In this lecture, 2018 Beth and Arthur Lev Student Research Fellow Virginia Bullington will reflect on research she conducted last summer at the USC Shoah Foundation Center for Advanced Genocide Research analyzing how testimonies from the Armenian, Guatemalan and Rwandan genocides regarding sexual violence are constructed by interviewees, and how these narratives influence and are influenced by contemporary concepts of gender in those societies post-conflict.
Friday, February 22, 2019
In this lecture, Lukas Meissel (PhD candidate, Haifa University, and 2018-2019 Greenberg Research Fellow) presents the preliminary findings of his dissertation research about photographic practices in concentration camps, specifically photos taken by SS men, to argue that the SS photographs were used to create a specific visual narrative of the concentration camps that excludes significant aspects of the camps’ reality.
Thursday, March 7, 2019
Armenian Genocide survivor Robert Gajar was on a death march down a mountain trail when he was left behind because his belongings kept sliding off his donkey. On the way down he witnessed the murder of a man by Ottoman Turks.
Thursday, April 4, 2019
In this lecture, Professor Akçam (Clark University) explores how his latest research proves the authenticity of the existing documents with killing orders.
Monday, April 8, 2019
In this lecture, Hovannisian discusses the origins and development of his course at UCLA on Armenian oral history, as well as the uses and potential misuses of oral testimony. His former students Lorna Touryan Miller, Tamar Mashigian and Salpi Ghazarian share their own impressions and experiences in adding to the collection. 
Wednesday, April 10, 2019
In this lecture, Gabór Tóth discusses the ways text and data mining technology has helped to recover fragments of the lost experiences of murdered Holocaust victims out of oral history interviews with survivors.
Thursday, April 25, 2019
Utilizing memoirs and interviews completed in the last thirty years, Danielle Willard-Kyle's lecture examines the afterlives of the Italian Jewish DP camps, both as physical places still today and as spaces in personal memory. Danielle Willard-Kyle is a PhD candidate in the History Department at Rutgers University where she holds the Steven Spielberg Endowment for Jewish Studies and the Memory of the Shoah Special Doctoral Fellowship.
Thursday, May 2, 2019
In this lecture, Professor Kaplan traces the origins of Holocaust research on gender issues, which began in the 1980s, and offers further areas of exploration for scholarship.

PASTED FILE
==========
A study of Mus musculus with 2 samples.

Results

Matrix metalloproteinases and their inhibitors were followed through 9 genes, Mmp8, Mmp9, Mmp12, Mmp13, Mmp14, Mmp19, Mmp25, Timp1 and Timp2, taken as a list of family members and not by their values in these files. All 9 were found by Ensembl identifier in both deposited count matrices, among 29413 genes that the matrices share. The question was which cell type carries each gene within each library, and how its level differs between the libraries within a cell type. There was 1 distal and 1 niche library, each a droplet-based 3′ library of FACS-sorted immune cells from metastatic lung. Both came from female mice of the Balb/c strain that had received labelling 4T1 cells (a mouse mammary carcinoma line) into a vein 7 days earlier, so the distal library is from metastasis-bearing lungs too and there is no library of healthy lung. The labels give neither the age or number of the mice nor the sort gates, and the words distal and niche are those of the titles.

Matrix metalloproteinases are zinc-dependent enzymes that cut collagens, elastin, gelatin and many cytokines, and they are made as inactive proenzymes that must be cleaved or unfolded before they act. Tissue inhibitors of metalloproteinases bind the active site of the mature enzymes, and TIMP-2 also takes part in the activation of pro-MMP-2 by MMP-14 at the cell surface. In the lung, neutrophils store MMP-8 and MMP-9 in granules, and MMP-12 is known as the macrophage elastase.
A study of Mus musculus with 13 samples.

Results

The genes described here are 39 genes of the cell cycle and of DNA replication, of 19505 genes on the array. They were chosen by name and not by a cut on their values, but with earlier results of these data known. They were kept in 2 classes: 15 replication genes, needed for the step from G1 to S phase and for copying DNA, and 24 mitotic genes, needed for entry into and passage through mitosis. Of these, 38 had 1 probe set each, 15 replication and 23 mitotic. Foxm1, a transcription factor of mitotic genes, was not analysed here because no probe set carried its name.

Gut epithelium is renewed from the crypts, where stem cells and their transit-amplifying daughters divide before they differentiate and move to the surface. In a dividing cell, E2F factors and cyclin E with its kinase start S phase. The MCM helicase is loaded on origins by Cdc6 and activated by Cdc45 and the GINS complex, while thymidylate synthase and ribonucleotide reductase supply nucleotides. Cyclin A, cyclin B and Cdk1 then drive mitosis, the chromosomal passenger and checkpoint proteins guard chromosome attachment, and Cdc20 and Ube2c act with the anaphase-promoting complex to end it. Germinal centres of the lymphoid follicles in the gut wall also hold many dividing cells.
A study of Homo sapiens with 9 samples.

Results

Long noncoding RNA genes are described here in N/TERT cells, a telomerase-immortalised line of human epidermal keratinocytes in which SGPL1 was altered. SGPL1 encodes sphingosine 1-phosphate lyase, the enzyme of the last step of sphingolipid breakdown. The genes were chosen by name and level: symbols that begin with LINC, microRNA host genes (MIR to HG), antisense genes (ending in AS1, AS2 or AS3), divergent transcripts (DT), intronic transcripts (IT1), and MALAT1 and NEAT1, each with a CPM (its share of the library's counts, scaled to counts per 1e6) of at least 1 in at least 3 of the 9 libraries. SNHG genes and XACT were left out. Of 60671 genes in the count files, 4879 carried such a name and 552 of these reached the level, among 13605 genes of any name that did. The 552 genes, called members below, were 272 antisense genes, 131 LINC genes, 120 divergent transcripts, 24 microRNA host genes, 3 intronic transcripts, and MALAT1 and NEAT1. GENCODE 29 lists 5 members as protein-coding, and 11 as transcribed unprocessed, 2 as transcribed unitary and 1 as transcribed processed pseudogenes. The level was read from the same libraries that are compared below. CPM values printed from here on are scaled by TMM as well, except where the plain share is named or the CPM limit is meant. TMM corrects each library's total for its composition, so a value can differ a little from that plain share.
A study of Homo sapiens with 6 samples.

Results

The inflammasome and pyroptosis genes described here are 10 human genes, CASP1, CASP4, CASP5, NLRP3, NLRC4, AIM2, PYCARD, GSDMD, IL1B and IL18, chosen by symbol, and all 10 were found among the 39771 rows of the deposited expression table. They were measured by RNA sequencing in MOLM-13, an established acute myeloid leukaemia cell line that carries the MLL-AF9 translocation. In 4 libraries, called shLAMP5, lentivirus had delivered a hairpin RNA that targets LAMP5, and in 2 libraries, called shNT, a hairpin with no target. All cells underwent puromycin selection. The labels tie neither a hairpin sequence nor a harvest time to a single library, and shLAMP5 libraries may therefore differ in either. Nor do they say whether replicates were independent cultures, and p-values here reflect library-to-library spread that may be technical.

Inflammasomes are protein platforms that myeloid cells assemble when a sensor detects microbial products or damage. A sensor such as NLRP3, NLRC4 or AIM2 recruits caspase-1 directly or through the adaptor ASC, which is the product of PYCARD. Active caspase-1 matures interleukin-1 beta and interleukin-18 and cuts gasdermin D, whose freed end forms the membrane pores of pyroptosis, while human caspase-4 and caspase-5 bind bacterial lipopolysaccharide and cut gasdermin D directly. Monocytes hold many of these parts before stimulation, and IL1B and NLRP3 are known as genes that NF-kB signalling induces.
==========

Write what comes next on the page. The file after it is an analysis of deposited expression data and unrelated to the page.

Friday, May 3, 2019
In his lecture at the Durban Holocaust & Genocide Centre, USC Shoah Foundation Finci-Viterbi Executive Director Stephen Smith will discuss Holocaust studies and new methods of collecting survivor testimony, such as Dimensions in Testimony.  
Friday, May 3, 2019
At the Cape Town Holocaust Centre, Dr. Stephen Smith, the Finci-Viterbi Endowed Executive Director of USC Shoah Foundation, will give a glimpse of the cutting-edge technology developed by USC Shoah Foundation.    
Wednesday, May 15, 2019
In this lecture, Bieke Van Camp presents some of the findings of her ongoing doctoral research on social interaction and group survival strategies in the Nazi concentration and extermination camps.
Tuesday, October 29, 2019
This lecture offers an examination of pro-state paramilitary violence in the Syrian conflict.
Friday, November 15, 2019
In this lecture, 2019 Beth and Arthur Lev Student Research Fellow Anna Lee discusses the commonalities she discovered in narratives that span decades and continents, as survivors talk about the trauma inflicted on them and the intrusion and violation of safe, protected spaces. She examines the diverse forms of activism described by these survivors and the ways they have employed activism to come to terms with and heal from their traumatic experiences.
Thursday, November 21, 2019
In this talk, Ayşenur Korkmaz explores how the survivors and their descendants reflect on their ‘place of origin’ and ex-social networks in the former Ottoman Empire. What did or does ‘home’ and ‘homeland’ mean to them when it no longer exists in the way that they imagine(d)?